Wipes, cloths and rags are being found in sanitary sewers at an ever increasing rate. Many of these products are labeled as flushable but while they may clear the toilet, they will most likely cause problems downstream. And while a toilet may be capable of flushing golf balls, these synthetic products simply do not break down and will have to be removed at the treatment plant or in pumping stations. These products are blocking private sewer laterals, public sewer mains and binding up municipal pumps. Items that specifically list the term flushable (but should not be flushed) include:
Doggy Doo-Doo Bags
Feminine Hygiene Products
Toilet Seat Covers
Wide Variety of Bathroom Cleaning Wipes and Brushes
Other products have been found to clog pipes and pumps after being flushed include Q-tips, dental floss, paper towels and rags. Alternatively, please place all these items in a trash can.
The Village of La Grange Park is not the only community impacted by these so-called flushable wipes. From private septic systems to major metropolitan areas, flushable products are causing plugged pipes, sewage backups and increasing costs of equipment maintenance. View the impact of flushable baby wipes. Or view New York City’s dilemma with the water sewer system, Should you flush that wipe?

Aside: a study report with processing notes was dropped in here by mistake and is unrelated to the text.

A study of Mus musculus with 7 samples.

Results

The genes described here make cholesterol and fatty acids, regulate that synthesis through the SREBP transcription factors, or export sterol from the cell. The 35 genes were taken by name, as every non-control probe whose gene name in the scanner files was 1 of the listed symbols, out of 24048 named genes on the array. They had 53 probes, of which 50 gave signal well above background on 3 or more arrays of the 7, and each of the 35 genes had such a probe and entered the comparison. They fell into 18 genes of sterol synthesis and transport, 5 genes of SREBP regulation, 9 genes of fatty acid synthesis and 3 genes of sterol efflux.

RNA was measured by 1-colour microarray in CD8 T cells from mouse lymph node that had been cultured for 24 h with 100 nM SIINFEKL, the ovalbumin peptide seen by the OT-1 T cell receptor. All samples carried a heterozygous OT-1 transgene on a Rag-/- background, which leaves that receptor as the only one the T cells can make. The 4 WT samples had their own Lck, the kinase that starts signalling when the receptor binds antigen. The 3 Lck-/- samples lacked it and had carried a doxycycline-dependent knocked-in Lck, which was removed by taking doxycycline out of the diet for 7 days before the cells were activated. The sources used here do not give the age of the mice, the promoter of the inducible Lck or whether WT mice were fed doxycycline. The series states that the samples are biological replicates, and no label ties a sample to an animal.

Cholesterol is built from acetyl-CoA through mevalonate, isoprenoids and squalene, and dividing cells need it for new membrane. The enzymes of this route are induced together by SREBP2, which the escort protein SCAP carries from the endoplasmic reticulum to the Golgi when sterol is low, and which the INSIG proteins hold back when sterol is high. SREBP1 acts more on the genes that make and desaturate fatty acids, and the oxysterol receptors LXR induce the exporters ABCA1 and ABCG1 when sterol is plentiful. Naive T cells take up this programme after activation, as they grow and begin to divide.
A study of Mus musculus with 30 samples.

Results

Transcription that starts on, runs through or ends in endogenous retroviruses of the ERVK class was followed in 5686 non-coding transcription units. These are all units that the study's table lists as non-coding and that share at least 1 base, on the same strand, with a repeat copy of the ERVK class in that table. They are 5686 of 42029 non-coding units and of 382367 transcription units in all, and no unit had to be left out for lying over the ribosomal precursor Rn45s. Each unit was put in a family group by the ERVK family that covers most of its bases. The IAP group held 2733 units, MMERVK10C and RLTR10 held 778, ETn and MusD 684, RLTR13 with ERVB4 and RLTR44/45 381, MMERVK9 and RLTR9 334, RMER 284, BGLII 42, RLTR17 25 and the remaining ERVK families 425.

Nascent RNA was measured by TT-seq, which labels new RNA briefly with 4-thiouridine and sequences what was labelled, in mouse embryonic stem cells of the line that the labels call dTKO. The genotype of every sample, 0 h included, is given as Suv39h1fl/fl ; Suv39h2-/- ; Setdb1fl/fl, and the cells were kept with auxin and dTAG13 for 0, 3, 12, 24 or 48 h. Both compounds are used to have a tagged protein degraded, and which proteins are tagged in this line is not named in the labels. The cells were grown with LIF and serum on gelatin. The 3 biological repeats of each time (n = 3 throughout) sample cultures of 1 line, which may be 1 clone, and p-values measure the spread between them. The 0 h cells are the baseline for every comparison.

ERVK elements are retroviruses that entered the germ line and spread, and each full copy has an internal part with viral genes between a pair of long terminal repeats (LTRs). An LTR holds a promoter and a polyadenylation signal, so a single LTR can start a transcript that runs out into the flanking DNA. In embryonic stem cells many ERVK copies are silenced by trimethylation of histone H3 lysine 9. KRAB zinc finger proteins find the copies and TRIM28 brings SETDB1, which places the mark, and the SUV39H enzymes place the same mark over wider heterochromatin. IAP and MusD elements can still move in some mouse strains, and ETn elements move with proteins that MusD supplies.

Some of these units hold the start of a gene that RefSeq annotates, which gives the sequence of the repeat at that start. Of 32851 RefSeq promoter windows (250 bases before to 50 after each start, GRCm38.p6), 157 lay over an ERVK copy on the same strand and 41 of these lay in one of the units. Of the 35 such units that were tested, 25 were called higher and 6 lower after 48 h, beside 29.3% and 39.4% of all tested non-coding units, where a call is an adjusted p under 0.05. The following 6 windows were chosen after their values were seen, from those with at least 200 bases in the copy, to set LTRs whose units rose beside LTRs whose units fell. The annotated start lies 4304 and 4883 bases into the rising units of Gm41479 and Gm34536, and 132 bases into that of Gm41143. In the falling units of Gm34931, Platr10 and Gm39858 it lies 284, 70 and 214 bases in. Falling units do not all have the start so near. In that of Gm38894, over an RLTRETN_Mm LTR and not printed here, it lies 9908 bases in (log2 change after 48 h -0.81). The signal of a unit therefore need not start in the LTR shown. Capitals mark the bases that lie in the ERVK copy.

Will it Flush?
The Water Environment Federation put different items to the test and found that even “flushable” wipes don’t break down when flushed. The results of the experiment showed how things like facial tissue, dental floss, Q-tips and feminine hygiene products don’t belong in a toilet. A simple solution is to keep a trash can in your bathroom for item disposal. Items not to flush:
Bandages and bandage wrappings
Cotton balls and swabs
Grease and cooking oils
Mini or maxi pads
Poisons and other hazardous waste
Tampons and tampon applicators
Bottom line: To avoid future plumbing problems, remember what the experts have been saying all along, only flush human waste and toilet paper down the toilet.